It sounds like your breaking/bending at the behest of 1 user. (not good if you ask me..) and by the sound of it not a very experienced user at that, especially if he trusts any software that has antivirus or antimalware in its title.
I'm sorry, but you misunderstood my message. That was just an example, an anecdote as I'm trying to sound as human rather than as a corporate bot and explain our position rather than speaking like a pr person :)
Our decision regarding removing the "hide tray icon" couldn't be more serious and well-thought. The same is true just about any other feature that we are planning to add or remove. You can only see the end result of it, i.e. the actual addition or removal, but there a long process of discussing and thinking a few months or even years prior to that where we weigh all pros and cons.
how do I prevent a user from stopping the host? I reviewed the information in your blog post. however it does not seem to prevent a user from stopping the host via the start menu/all programs. it can also be done via services.msc
There is a broader question - why would the technician want to prohibit the user from stopping the Host when they wish to do so? Provided that they know what the Host is about.
If the user wants to stop the Host running on their PC using services.msc, then:
- they are an advanced user, apparently, if they know about services.msc and use it to stop the Host at all costs - they don't want the Host running on their computer, so they are perfectly in their own right stopping it
So we are getting back to the question implicitly posed in the blog post/news about this update: if the software use is perfectly legitimate and the user knows they have a remote access software installed on their PC, why would they want to stop it? But if they want to stop it, why would anyone prohibit them from doing so? Except only in a business setting where computers do not belong to employees - but it should be handled by policies on the network/Active Directory level.
Yes, you can hide the Host menu or protect the Host settings, but that's mostly to prevent the user from messing with the settings inadvertently. These features have nothing to do with truly prohibiting the user from being the ultimate master of their own PC :) If it's not their PC, they are not supposed to be an administrator on it, and hence they won't be able to stop the service if they have insufficient privileges.
It was our own decision, of course, and it didn't came out of nothing. It is based on our own research and conversations with analytics from several antivirus software vendors.
also if it is hidden (stealth mode) having antivirus popup to warn a user is a good thing. if it was installed for malicious purpose having an AV detection/warning would be great. if however I am the owner of the PC's (which I am) and I want the icon hidden then as the owner I would configure my antivirus program to ignore or whitelist the application.
The reality is that for an average a/v vendor it is easier to label something as "potentially dangerous" instead of coming up with a smart code/system that can tell for sure whether the use is legitimate or not.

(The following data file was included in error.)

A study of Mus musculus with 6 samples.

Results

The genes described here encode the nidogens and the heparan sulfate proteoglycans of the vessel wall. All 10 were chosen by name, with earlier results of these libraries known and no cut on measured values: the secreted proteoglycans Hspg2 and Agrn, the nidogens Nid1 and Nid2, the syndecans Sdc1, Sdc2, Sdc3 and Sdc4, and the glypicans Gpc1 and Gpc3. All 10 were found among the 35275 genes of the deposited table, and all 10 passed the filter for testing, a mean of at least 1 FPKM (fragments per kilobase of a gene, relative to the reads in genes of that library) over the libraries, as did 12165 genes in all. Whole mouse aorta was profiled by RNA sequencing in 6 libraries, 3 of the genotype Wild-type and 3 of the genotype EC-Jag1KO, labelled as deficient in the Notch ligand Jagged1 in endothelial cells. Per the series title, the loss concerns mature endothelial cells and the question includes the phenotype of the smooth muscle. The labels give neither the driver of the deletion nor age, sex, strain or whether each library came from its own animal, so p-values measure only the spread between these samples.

I think you should leave the security decisions to your customers and the AV software.
We would gladly leave the security decisions to AV vendors, but apparently some of them are not capable of making good decisions, so much so that they even hurt their own customers by not letting them use legitimate, digitally signed software the way their customers want.
We are a commercial entity, a business. We need to be profitable and these false positives may negatively affect our sales and overall image. Users don't care if we are right and a/v is wrong - they always blame the software and not their beloved a/v program that they trust so much. :) So we have to look for solutions to the problem, even if it means discontinuing certain features.
Sometimes it's anecdotal. Recently we received a complaint from a user who was running a no-name "malware removal" tool on their PC. The developer of that tool couldn't even be contacted other than via a free Yahoo e-mail address. But still the user was blaming us that we were distributing malware because their tool detected us as such :)
Apparently, anything that has "antimalware" or "antivirus" in their name is unconditionally trusted and rarely anyone has any doubts about whether their antivirus program is as good in doing their job as they claim. :)
I understand. I should stress that we had to remove this option. As we explained in the news about this release, when a program is running in the stealth mode, it immediately raises a red flag for antivirus software. :)
We no longer provide this feature because it's making the tool suspicious in the eyes of security/antivirus software - something that we wholeheartedly want to avoid. Remote Utilities is a tool for remote administration and remote support, not for spying.
We are working on building more trust with our customers and antivirus software vendors. Getting rid of this "dubious" feature was just necessary. Hope you understand. :)
Thank you for the kind words! It should be noted that the primary speed factor is the number and location of our intermediary servers around the globe. Currently, our intermediary servers are optimized for the US and Canada, but we'll expand our geography soon.
Meanwhile, if you are located in another part of the world and you want to make the most out of Remote Utilities you can deploy and use your own self-hosted server as an intermediary for ID connections. It's an entirely free option and doesn't require much work.
As for local networks or situations when the remote PC is directly accessible over the Internet by its IP address (e.g. via port forwarding), Remote Utilities establishes a direct point-to-point connection so the ping/connectivity with the ID server is not important, because it's not being used.